January 11, 2013 / 2:30 PM / in 5 years

Plosser outlines ways easy Fed policies could backfire

SOMERSET, N.J., Jan. 11 (Reuters) - The Federal Reserve’s aggressive accommodation may be frustrating Americans’ efforts to restore their personal wealth and may actually slow the broader rebound in U.S. consumption, a top official at the U.S. central bank said on Friday.

Philadelphia Fed President Charles Plosser, an outspoken critic of the central bank’s prolonged near-zero interest rate policies, outlined the ways those policies may be undercutting the very U.S. economic recovery they are meant to encourage.

“Efforts to drive real rates more negative or promises to keep rates low for a long time may have frustrated households’ efforts to rebuild their balance sheets without stimulating aggregate demand or consumption,” Plosser, who does not have a vote on Fed policy this year, said in prepared remarks to a meeting of the New Jersey Bankers Association.

In the wake of the 2007-2009 recession, households will take time to restore wealth to a comfortable level, Plosser added, “and attempts to increase economic ‘stimulus’ may not help speed up the process and may actually prolong it.”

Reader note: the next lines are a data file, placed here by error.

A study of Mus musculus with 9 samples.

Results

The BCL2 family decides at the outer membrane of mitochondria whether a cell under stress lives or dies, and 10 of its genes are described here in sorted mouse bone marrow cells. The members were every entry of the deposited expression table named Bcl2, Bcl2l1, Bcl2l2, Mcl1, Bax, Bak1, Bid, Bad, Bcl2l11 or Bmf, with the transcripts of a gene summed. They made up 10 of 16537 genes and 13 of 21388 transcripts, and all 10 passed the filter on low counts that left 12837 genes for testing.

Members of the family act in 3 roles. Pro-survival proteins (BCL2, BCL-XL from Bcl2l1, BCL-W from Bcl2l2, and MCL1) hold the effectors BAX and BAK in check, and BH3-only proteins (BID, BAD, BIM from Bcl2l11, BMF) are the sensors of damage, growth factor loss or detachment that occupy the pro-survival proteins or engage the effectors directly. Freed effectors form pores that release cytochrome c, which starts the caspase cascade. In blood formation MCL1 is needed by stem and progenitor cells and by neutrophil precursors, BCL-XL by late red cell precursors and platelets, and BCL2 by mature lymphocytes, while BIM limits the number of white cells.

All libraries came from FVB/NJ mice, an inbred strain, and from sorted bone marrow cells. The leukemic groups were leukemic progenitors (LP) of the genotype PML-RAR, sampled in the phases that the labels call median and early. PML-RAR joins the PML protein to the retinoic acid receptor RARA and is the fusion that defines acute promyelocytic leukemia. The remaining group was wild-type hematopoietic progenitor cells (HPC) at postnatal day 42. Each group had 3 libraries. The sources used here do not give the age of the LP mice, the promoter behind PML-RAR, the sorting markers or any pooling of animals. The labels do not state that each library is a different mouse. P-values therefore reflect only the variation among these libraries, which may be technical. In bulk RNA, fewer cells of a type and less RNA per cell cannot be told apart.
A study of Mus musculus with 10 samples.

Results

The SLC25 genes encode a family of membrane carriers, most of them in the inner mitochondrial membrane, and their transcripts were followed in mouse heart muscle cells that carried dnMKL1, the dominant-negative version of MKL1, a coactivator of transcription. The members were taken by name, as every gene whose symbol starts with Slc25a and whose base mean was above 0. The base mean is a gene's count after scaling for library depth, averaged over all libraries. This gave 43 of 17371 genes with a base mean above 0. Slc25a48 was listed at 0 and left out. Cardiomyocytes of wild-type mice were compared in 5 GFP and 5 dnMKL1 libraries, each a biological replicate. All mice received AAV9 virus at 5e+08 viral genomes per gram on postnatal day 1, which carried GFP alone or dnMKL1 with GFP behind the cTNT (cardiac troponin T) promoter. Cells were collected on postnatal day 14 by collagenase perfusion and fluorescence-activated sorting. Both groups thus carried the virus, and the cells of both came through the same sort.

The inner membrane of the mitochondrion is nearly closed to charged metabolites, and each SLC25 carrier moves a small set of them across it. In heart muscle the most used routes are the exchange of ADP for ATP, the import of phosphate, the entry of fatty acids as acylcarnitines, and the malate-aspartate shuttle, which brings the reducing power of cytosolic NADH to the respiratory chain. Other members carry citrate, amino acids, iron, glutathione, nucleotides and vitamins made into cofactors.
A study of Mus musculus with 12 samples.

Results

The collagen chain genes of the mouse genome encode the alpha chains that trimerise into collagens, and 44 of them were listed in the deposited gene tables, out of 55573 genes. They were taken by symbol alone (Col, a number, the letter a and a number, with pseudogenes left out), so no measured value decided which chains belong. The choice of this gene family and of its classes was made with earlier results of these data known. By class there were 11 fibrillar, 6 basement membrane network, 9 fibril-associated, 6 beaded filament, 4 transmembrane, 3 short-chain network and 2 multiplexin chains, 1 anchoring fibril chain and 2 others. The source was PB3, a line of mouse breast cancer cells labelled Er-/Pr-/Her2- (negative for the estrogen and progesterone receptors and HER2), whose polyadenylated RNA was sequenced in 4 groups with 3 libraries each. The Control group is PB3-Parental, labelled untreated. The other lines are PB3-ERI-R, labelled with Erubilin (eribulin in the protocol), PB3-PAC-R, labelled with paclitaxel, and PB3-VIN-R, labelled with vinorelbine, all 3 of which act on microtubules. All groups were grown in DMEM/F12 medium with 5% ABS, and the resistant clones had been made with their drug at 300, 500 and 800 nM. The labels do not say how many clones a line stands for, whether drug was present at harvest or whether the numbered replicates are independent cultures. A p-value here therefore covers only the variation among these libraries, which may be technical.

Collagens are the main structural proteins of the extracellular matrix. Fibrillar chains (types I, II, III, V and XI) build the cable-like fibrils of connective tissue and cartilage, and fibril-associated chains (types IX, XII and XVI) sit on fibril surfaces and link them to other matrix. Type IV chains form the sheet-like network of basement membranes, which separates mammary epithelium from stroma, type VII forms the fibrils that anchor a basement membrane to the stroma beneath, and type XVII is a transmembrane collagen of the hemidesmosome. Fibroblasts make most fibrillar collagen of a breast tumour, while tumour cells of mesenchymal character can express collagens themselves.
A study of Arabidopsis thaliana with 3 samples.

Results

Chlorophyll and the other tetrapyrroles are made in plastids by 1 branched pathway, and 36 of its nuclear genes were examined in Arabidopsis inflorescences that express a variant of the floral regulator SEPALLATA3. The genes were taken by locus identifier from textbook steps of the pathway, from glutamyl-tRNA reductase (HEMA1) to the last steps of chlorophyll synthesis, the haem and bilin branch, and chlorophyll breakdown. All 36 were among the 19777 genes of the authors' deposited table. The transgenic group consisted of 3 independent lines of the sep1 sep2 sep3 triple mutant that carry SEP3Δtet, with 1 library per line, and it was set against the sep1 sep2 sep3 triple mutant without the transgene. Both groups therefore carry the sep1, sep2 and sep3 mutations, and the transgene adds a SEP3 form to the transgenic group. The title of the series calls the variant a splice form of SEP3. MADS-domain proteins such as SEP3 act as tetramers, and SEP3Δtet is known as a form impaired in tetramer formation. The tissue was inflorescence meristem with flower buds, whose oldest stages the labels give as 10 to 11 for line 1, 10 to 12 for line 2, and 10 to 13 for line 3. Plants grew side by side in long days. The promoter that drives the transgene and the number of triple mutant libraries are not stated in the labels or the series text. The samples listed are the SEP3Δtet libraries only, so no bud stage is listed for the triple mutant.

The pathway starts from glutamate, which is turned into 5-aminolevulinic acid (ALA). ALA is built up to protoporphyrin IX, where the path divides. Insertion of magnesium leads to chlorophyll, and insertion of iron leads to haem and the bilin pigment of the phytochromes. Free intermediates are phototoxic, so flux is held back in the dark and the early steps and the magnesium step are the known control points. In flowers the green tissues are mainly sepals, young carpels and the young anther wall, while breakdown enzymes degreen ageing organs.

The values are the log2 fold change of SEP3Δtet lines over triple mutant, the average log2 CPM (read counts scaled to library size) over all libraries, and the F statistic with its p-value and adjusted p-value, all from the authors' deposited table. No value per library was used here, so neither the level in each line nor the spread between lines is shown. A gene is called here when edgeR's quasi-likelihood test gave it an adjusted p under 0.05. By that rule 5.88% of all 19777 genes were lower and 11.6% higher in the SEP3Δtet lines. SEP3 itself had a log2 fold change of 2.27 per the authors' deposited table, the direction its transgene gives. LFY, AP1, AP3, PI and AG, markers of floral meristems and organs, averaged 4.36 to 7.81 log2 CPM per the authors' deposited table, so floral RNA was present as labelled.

Among a minority of so-called hawks at the central bank, Plosser also largely repeated predictions for a pick-up in U.S. economic growth to about 3 percent this year and in 2014. He also expects unemployment to fall to near 7 percent by the end of 2013, from 7.8 percent last month.

The U.S. economy grew at a decent 2.7 percent annual rate in the third quarter but is expected to have slowed in the final months of the year. Last month, Fed policymakers said they expected GDP growth of between 2.3 to 3.0 percent this year, and 3.0 to 3.5 percent in 2014.

At that same December meeting, the central bank ramped up asset purchases that are meant to spur growth. It also pledged to keep rates near zero until the unemployment rate drops to 6.5 percent, as long as inflation expectations don’t climb above 2.5 percent.